Patrick Fitzgerald as Colm and Xanthe Elbrick as Timothea in Irish Repertory Theatre's production of Gardner McKay's Sea Marks, directed by Ciarán O'Reilly.
Patrick Fitzgerald as Colm and Xanthe Elbrick as Timothea in Irish Repertory Theatre's production of Gardner McKay's Sea Marks, directed by Ciarán O'Reilly.
(© Carol Rosegg)

New York stages have seen several Irish love stories in the past months, all filled with the peculiar Celtic humor, melancholy, and awkwardness that come from being alone too long. But Gardner McKay's Sea Marks, now playing at Irish Repertory Theatre, stands apart not just for its two strong performances but for the sheer beauty of its language. Ciarán O'Reilly directs this endearing and haunting play, which will speak to anyone who has been torn between love for another and fear of leaving behind the life one knows.

Colm Primrose (Patrick Fitzgerald) fishes the waters off the Irish island of Cliffhorn Heads, where he's lived all his life. He starts a long-distance romance with Timothea Stiles (Xanthe Elbrick), an ambitious woman who has moved from the sticks to the big city of Liverpool to build a career in book publishing. For over a year, they correspond through letters, and Timothea finds in his prose a raw, urgent beauty. "I think you might have a touch of the poet in you, the way Irishmen do," she writes. When they meet, Timothea brings Colm's primitively lyrical words to the public eye, but Colm finds no pleasure in celebrity, and his longing for the quiet isolation of his seaside home threatens to pull him away from the city and from the woman he has come desperately to love.

Fitzgerald does more than portray Colm; he channels the rough sea itself, with its cresting and crashing waves, his hair wild like a seagull in a gale. "Each morning by the way the sea looks," Colm says, "I know how to feel." To watch Fitzgerald's performance is to sense the presence of a natural force, rough and direct, unsullied by modern life, and innocent of the complexities that humans have created for themselves in urban spaces. Fitzgerald's performance is breathtaking.

Elbrick lends the more subdued Timothea the demeanor of a staunchly determined up-and-comer. You see in her face that Timothea is capable of great things and that she's determined to have more than what she was born with. But Elbrick retains a softness in her eyes that all the ambition in the world can't harden. Her Timothea understands Colm's desire to return to the sea even if she considers it impossible to do so herself. Fitzgerald and Elbrick have a chemistry that feels natural and honest. You want to see their two lovers, opposites though they be, make a real go of it.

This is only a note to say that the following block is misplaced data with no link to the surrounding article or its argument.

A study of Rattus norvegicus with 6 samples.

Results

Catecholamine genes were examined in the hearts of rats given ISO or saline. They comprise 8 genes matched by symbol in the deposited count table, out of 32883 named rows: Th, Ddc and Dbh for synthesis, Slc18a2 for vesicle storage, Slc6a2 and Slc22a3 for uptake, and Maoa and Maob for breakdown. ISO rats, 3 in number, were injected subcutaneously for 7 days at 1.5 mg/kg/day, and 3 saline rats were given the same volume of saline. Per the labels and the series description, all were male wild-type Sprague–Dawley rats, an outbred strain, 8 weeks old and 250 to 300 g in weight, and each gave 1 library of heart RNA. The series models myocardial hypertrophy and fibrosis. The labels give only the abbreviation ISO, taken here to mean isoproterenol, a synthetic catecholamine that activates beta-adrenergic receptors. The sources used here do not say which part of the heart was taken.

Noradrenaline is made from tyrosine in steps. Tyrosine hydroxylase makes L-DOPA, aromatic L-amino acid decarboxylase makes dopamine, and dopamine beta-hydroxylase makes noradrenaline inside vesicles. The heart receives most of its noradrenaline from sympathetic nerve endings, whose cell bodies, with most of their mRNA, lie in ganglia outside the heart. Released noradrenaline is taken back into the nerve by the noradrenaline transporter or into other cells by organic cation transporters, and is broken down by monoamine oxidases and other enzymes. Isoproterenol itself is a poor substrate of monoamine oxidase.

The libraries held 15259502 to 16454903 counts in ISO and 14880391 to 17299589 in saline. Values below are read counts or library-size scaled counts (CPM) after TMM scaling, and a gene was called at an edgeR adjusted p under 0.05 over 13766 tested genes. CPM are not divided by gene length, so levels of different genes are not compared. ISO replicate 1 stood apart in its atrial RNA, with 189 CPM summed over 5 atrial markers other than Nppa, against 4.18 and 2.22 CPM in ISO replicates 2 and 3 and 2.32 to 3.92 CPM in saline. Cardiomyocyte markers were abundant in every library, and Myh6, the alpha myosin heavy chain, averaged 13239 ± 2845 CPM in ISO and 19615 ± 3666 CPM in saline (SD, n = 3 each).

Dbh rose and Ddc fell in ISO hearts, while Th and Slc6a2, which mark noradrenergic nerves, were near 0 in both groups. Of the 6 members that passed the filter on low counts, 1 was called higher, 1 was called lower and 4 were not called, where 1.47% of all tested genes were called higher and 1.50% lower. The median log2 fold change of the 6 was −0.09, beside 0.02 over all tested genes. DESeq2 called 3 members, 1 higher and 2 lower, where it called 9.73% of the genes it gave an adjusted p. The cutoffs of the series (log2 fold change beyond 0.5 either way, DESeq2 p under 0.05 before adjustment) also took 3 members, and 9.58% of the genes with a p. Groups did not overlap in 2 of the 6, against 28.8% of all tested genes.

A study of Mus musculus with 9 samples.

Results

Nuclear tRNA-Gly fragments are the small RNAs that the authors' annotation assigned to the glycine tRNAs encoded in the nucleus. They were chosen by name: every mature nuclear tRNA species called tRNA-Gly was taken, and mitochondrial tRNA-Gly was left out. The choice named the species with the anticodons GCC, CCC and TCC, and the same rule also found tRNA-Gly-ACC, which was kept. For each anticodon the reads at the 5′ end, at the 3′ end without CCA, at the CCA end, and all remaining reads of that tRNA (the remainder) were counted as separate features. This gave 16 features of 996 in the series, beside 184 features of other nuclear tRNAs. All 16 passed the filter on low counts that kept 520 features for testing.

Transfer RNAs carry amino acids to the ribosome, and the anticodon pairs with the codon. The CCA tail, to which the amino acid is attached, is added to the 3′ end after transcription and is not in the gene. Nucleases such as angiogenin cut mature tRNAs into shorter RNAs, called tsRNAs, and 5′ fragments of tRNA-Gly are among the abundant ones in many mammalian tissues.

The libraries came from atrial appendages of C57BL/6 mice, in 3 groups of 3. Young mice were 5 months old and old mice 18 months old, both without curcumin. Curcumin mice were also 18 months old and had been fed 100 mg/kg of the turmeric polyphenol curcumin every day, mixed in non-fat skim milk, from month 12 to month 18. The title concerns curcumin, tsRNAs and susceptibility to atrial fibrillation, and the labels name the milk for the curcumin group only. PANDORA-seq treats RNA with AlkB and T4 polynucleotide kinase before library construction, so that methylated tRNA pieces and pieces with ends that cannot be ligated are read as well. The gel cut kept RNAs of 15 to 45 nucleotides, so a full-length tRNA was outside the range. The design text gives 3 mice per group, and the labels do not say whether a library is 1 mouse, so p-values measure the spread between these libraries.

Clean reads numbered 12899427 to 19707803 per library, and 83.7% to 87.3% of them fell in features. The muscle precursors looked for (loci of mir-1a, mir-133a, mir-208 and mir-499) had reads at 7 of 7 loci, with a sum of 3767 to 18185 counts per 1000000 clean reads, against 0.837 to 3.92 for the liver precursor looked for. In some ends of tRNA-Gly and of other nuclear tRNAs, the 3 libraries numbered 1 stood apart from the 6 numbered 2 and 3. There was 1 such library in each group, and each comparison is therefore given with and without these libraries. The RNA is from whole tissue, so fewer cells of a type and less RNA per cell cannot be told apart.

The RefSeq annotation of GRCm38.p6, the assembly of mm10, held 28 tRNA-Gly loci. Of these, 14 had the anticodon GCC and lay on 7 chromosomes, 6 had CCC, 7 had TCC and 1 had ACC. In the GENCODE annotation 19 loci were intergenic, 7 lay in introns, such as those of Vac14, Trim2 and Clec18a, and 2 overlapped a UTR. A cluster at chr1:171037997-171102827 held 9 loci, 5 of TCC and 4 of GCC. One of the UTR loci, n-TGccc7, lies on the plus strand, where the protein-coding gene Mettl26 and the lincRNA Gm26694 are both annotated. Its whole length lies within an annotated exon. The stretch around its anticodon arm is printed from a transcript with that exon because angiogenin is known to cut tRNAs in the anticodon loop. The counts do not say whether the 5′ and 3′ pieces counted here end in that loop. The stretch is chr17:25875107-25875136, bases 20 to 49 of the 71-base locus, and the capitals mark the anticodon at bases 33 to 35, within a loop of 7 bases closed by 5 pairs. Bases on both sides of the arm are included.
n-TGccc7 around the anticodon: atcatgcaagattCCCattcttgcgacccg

McKay, an American playwright who died in 2001, writes with what seems like a deep understanding of Irish culture and of the men and women who populate some of its lonely shores. Though Colm and Timothea are the play's only characters, McKay gives us a convincing description of Colm's fisherman father, the MacAffee, and of the women who knit cardigans with particular patterns, depending on where they live, so that if a fisherman dies at sea and washes ashore, they'll know the town he came from. McKay's tender, sometimes brutal, always beautiful language rings with a poignancy unlike anything heard onstage of late, and both actors deliver his words with a great sensitivity to sound and rhythm.

Within the confines of Irish Rep's main stage, Charlie Corcoran has devised an exquisite rotating set that captures the charming rusticity of Colm's cottage on the island and the cramped space of Timothea's city apartment in Liverpool. Michael Gottlieb's lighting deserves special mention, as he magically uses focused light to create loneliness when the two lovers are apart, and warm hues from a back window to create solace when they are together. Indeed, the set has its own kind of poetry.

So make room for one more Irish love story on your theater calendar. It may very well be the most satisfying you've seen this season.